On a playground or in a bar, the most important thing to know about a bully is his motivation. What ticks him off? Who's his next victim? If it's you, how do you avoid a butt-kicking?
On the world stage, Vladimir Putin is a bully—and President Obama not only seems clueless about the Russian leader's inner drive, he embraces his ambivalence. "I'm less interested in motivation," Obama said Monday in The Hague, "and more interested in the facts and the principles that not only the United States but the entire international community are looking to uphold."
Taken at face value, it's a disturbing response from a world leader who should lie awake at night concerned about the motivation of U.S. adversaries, whose first meeting of every day involves an intelligence briefing on the motivations of global actors.
It could be that Obama is playing mind games with Putin, looking into the soul that transfixed President Bush 13 years ago and seeing a man whose greatest weakness is parochial hubris. Want to hurt Putin? Say you don't care about him. In a verbal equivalent of a groin punch, Obama might dismiss Russia as a "regional power" that antagonizes its neighbors "out of weakness."
But it's hard to credit Obama with such savvy calculation. I take him at his word: He doesn't care.
First, his handling of leaders in Iraq, Afghanistan, Iran, Syria, China and most recently Russia exposes a lack of empathy and sophistication. As Julie Pace of the Associated Press put it in her question to Obama at The Hague, "You've been criticized during this dispute with Russia as not understanding President Putin's motivations. As recently as last month, you and others in your administration said you thought Putin was reflecting or pausing his incursion into Crimea. Did you misread Putin's intentions? And what do you think his motivations are now?"
After confessing that he's less interested in Putin's motivations than the principles that Putin is flouting, Obama said the Russian wants to control events in Ukraine. "That's not new," he said, spelling out a policy that effectively cedes Crimea to Putin with no further consequences and threatens actions if he moves deeper into Ukraine or into NATO nations.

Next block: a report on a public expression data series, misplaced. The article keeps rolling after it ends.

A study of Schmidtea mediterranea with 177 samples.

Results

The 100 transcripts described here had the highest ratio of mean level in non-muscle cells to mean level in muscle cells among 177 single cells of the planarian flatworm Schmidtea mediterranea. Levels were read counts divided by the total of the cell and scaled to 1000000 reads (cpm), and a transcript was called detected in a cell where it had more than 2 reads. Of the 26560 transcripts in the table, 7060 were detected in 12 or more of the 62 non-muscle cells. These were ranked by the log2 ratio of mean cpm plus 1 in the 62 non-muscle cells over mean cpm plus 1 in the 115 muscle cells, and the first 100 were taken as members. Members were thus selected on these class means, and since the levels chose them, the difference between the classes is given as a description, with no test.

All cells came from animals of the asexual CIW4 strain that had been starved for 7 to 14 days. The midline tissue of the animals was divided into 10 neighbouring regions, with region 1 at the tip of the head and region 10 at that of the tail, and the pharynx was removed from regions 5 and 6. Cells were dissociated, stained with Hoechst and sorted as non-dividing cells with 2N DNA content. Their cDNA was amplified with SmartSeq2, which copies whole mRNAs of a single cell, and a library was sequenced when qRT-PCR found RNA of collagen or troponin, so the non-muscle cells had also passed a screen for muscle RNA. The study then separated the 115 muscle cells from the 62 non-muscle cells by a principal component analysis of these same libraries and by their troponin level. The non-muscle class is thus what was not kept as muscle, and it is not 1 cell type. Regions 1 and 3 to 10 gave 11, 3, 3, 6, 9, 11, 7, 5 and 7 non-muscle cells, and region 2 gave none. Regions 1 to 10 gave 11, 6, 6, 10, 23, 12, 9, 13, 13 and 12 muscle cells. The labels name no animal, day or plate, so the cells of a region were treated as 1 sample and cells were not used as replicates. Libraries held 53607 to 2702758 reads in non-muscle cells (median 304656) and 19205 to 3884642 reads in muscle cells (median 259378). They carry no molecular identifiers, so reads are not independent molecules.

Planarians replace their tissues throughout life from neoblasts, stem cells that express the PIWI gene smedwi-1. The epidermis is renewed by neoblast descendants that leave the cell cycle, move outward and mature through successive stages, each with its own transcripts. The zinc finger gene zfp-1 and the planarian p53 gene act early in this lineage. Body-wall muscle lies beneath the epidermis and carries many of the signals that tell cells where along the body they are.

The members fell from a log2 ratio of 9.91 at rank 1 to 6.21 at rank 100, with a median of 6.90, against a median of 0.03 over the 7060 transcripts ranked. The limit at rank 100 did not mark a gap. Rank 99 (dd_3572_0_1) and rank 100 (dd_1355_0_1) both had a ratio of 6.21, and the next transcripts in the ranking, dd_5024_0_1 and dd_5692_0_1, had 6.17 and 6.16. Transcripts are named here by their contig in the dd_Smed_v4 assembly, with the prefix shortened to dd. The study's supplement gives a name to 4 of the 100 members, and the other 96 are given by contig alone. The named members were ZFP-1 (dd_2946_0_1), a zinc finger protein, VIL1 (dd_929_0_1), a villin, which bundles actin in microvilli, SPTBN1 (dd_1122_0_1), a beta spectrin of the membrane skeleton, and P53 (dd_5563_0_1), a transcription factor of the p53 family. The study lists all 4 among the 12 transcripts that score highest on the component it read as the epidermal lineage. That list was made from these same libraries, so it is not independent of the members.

"So I think that will be a bad choice for President Putin to make," Obama said, "but, ultimately, he is the president of Russia, and he's the one who's going to be making that decision. He just has to understand there's a choice to be made here."
In other words, the bully has stolen your lunch money without a fight and now you're telling him, "It would be a bad choice to take one more penny from anybody in this lunchroom, Buster!"
Second, caring little about the motivation of his rivals seems to be a trait of Obama's leadership that has hurt him in Congress, where the opposition party is stubbornly opposed to his agenda. Rather than understanding why the GOP is moving rightward, helping its leadership tame party extremists (as he must do with the Left), and finding issues that help both sides claim victories, Obama surrendered to polarization and gridlock. Actually, he is a champion of it.
From fights with Congress over the federal budget and his nominations, to gun control, immigration reform, health care, and Syria, the president has been (to borrow the language he used on Putin) more interested in the facts and the principles than in GOP motivations. He often seems more concerned about being right than being effective.
In the case of Putin, knowing and caring about the Russian's point of view might not have prevented the Ukraine crisis, but it would have kept Obama a step ahead of it. Instead, like Bush during Russian advances on Georgia in 2008, Obama got blindsided and then stumbled blindly. Putin knows his enemies. Obama dismisses his.
And the world notices. So when Obama tells the world that "Russia is acting out of weakness," he risks sounding like the guy who gets beat up in a bar then brags about the bully's bloody knuckles.